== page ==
Jered Weaver’s Favorite Rockpile

One of the things we’re going to try to do more of at FanGraphs going forward is highlight good work from around the web. There’s a lot of good stuff out there, and if we can help more people see the work that’s being done, everyone wins. We’re still going to be doing our normal amount of original content, but we’ll add in some posts here and there that link out to pieces we think are worth reading. This is the first of those posts.

We’ve long known that Jered Weaver got a significant boost from pitching in Anaheim. It’s a park that significantly deflates home runs to right field, and Weaver gives up a ton of fly balls while facing a lot of left-handed hitters. The synergy between his skillset and his home park is one of the best in baseball.

Well, Jeff Sullivan pointed out this morning that there might be more to what’s going on than just a nice alignment of skills and outfield space.

I went through Weaver’s career game logs and identified 16 home starts made in the day time. One was at 3:30pm, and all the others were at or around 1:00pm. I assumed that the weather was always nice, the sun always bright.

That left 68 other home starts, almost all of which started around 7:00pm. The sample sizes here are different, but I think we have enough to make a comparison. When I put the numbers next to each other, my eyes opened wide. The numbers back up the anonymous Mariners player, and then some.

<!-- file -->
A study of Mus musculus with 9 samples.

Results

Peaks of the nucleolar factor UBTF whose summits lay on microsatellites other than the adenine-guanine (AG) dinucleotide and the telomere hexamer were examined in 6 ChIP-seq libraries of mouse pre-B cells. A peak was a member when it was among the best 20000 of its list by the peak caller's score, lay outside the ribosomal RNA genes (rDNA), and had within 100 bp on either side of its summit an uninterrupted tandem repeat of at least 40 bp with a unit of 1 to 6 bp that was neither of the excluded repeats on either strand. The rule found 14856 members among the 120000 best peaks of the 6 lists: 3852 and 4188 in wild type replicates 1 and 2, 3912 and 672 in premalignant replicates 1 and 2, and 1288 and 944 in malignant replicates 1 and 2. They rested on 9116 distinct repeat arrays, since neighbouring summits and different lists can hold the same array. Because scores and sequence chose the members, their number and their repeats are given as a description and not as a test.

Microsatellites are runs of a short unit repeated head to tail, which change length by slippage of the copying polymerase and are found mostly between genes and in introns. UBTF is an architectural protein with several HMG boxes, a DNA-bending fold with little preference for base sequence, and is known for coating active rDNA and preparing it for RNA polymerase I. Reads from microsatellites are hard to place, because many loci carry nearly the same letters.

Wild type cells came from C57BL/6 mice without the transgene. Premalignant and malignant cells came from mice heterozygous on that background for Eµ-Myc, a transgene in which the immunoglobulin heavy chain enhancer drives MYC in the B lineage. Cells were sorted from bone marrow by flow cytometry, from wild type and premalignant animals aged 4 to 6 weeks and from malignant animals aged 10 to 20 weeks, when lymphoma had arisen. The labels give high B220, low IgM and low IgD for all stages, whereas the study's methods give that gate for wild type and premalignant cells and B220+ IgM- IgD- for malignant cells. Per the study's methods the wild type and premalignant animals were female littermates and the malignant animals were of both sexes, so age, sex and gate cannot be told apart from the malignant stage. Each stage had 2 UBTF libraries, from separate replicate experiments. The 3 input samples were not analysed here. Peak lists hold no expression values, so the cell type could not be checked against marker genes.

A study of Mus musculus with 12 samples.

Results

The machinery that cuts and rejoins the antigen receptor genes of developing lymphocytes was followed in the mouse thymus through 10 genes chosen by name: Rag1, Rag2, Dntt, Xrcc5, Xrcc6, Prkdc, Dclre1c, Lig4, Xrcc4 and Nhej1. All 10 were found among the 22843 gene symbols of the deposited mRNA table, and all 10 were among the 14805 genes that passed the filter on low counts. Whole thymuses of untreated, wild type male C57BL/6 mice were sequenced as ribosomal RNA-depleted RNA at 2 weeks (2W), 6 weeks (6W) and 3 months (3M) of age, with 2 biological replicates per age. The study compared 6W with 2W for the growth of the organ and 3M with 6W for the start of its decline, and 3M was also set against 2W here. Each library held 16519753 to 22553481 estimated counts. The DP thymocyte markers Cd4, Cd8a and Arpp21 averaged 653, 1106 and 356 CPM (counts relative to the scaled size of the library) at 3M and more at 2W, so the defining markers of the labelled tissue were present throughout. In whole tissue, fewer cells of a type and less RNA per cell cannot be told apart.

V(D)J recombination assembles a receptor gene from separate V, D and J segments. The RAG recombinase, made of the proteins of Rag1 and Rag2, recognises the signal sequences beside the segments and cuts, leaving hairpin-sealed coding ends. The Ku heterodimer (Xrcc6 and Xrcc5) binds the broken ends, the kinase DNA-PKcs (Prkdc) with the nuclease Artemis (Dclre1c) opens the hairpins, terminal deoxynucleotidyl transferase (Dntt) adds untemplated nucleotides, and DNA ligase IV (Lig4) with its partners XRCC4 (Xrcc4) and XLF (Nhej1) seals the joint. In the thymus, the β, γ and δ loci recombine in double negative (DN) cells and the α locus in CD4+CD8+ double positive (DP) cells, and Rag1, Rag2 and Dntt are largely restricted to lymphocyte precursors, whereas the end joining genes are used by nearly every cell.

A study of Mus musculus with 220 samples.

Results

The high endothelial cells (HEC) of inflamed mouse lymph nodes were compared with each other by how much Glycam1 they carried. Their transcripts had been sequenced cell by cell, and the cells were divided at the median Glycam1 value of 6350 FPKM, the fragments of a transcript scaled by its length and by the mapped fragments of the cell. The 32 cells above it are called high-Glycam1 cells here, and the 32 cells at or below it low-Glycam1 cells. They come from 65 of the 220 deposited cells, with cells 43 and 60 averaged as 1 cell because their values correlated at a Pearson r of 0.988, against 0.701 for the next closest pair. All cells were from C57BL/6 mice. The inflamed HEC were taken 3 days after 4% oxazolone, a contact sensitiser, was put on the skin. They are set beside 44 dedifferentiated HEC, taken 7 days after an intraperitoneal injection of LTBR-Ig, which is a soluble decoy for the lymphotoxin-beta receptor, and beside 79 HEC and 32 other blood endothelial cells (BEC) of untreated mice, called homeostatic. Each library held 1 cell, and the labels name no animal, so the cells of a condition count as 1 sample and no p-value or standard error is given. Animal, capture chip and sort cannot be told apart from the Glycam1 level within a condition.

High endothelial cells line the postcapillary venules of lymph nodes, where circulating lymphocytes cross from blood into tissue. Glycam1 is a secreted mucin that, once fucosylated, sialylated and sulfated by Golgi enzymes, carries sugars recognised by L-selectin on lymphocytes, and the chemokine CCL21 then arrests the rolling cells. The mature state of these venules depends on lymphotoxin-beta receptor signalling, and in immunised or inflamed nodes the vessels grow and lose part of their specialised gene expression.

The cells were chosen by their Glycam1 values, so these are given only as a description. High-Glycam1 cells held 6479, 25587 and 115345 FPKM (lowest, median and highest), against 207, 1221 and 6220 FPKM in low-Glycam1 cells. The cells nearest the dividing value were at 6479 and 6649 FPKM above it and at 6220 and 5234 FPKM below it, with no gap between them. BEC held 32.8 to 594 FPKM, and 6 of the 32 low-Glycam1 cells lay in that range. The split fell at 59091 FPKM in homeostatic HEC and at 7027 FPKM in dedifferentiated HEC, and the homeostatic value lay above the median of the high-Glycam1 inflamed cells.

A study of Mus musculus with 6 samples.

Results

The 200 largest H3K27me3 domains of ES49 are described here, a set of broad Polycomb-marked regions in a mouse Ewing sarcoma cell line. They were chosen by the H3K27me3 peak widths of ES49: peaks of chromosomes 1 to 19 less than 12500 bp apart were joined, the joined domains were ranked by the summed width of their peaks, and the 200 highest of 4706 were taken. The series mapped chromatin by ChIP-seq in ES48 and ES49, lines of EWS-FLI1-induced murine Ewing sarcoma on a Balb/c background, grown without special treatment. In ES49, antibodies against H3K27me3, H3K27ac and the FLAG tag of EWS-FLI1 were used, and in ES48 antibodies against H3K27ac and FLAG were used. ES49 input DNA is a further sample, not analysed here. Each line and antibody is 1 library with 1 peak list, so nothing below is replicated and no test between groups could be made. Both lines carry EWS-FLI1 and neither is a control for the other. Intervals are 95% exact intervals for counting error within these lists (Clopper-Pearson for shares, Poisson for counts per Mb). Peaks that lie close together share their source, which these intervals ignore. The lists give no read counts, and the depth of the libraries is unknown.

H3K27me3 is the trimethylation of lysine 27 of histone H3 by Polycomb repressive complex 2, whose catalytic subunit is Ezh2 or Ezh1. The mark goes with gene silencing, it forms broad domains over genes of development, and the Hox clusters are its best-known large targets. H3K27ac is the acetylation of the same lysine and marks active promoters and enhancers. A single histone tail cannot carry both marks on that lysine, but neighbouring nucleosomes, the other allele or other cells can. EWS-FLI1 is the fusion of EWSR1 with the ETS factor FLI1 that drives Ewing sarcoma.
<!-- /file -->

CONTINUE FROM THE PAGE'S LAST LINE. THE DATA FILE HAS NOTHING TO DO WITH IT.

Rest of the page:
Time	Innings	Batters	ERA	BB%	K%	HR%	Contact%
Day	113	444	1.51	6.5%	28%	1.1%	71%
Night	444	1807	3.00	5.9%	21%	2.4%	79%

The fact that the data lines up with what an opposing hitter noticed instinctively by facing him in a certain situation lends some credence to the belief that this isn’t just small sample noise. It could be, of course, but it could also be that Weaver’s specific arm angle and the position of the rock pile in Anaheim combine to make it very, very hard to see the ball coming out of his hand.

It’s something to keep an eye on going forward, especially if we notice that the Angels suddenly begin to lead the league in afternoon home games.



This would align his throwing hand with the rock pile and home plate. Sullivan pointed out that Ervin Santana doesn’t have the same splits, but Santana steps directly to the plate instead of diagonally like Weaver, so perhaps his hand doesn’t release the ball with a rock pile background like Weaver’s.